Teaching Tuesday: Educators Are Thankful

By Dr. Tracy Vasquez, Dusty Sanchez, and Danielle Remy, faculty

female educator and student smiling together in classroom

November is the time of year when we adopt the attitude of gratitude, meaning we act on our feelings of thankfulness toward ourselves as well as those around us. When we consider being thankful for ourselves, this usually takes on some elements of mindfulness. Our faculty and staff have shared with us the people and things they are thankful for and how they practice gratitude and self-care.

Thankfulness for People and Things

Sometimes we are most thankful for the big things in life, but it is also important to consider the small blessings we receive daily, such as a smile from a stranger, a word of encouragement from a friend or sharing in a laugh with family. Other things we are thankful for relate to our stability in life.

As educators, we greatly appreciate our jobs as teachers, our teammates and administration, our support networks and our faith. Our faith helps us recognize the joy we receive from the blessings we interact with regularly. This includes our spouses, family and pets. Sometimes it is a simple wag of your pup’s tail or their presence at the door to welcome you home.

This time of year can also remind us of the beautiful fall weather and the pleasure we can enjoy with a morning run or hot cup of coffee to sip on during our drive into work or as we prepare for the start of the day. Finding moments of thankfulness in our daily experiences can help us change our mindset and improve elements of our character. Arriving at school ready to face the day with a smile can help us mentally prepare a positive mindset to carry with us.

Showing Gratitude

Educators show gratitude regularly though acts that take place both within the school and within their homes and communities. Something as small as sharing a memory or a specific achievement can be delivered to delivered to have a meaningful impact with students and others. Sharing a message of encouragement and thanking a student for their efforts in the classroom can make a student feel special and appreciated.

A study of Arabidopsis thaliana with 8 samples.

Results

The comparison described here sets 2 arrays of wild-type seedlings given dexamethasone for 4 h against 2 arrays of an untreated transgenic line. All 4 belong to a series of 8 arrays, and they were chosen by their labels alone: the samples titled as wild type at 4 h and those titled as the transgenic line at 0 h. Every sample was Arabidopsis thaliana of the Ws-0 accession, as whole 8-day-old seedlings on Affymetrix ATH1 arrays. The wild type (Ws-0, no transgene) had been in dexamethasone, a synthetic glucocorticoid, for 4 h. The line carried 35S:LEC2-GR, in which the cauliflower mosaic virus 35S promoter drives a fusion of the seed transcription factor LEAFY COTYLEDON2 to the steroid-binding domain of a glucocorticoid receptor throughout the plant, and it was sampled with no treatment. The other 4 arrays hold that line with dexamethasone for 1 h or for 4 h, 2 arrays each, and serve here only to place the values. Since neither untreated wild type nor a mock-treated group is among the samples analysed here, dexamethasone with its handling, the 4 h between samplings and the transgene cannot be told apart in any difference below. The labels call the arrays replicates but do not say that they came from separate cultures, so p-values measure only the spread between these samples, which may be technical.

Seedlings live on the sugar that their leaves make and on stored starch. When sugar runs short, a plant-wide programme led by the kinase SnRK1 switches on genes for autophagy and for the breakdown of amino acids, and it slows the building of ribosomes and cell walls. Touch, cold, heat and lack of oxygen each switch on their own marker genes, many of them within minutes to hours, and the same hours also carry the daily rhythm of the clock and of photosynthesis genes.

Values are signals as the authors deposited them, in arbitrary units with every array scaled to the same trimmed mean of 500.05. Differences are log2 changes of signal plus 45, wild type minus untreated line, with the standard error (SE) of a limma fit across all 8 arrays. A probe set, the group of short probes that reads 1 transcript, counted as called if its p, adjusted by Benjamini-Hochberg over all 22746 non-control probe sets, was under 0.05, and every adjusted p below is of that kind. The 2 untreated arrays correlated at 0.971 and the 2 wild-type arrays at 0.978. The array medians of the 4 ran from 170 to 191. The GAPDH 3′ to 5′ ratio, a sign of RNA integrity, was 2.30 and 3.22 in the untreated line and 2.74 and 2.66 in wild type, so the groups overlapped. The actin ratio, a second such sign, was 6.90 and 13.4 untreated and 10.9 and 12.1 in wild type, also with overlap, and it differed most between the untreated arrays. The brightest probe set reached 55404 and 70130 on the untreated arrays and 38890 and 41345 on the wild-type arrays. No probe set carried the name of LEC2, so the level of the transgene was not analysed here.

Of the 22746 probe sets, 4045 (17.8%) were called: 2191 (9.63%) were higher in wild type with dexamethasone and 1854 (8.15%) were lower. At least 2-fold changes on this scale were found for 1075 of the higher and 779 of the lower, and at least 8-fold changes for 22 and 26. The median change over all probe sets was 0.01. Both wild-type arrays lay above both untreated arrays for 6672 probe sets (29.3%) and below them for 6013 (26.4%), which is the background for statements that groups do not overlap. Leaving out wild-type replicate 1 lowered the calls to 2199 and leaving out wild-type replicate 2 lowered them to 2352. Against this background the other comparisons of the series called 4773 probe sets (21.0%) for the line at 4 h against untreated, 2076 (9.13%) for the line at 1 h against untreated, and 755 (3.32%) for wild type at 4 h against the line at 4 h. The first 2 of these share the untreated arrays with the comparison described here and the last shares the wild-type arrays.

Alternatively, when we make an impact with students, and they later thank us for the learning that took place, we can receive the gratitude with grace. For example, helping an English language learner improve reading skills and build confidence can then result in the student sharing his gratitude back to you, explaining how the gift of knowledge helped the student to teach his family English.

Mindfulness Practice

Mindfulness is most impactful when it is personal. The way each of us practices mindfulness will shift based upon what we need individually and what we seek according to our interests and desires. For some it may be more active, such as going for a walk or bike ride or even playing a musical instrument. For others it could be more relaxing, including reading, listening to music, journaling, painting or praying.

As busy educators, we know that mindfulness practice can take time and discipline, but can be incredibly rewarding. It gifts us with peace of mind, eases our worries and provides clarity for making the best decisions we can for ourselves and others.

This month, let us take a moment to recharge, refocus and reimagine what gratitude can do to help our health, mindset, careers and classrooms.

Next week we will expand these methods with specific and practical actions you can use daily to show your thankfulness by acts of gratitude in your classrooms and communities. Will you accept our challenge?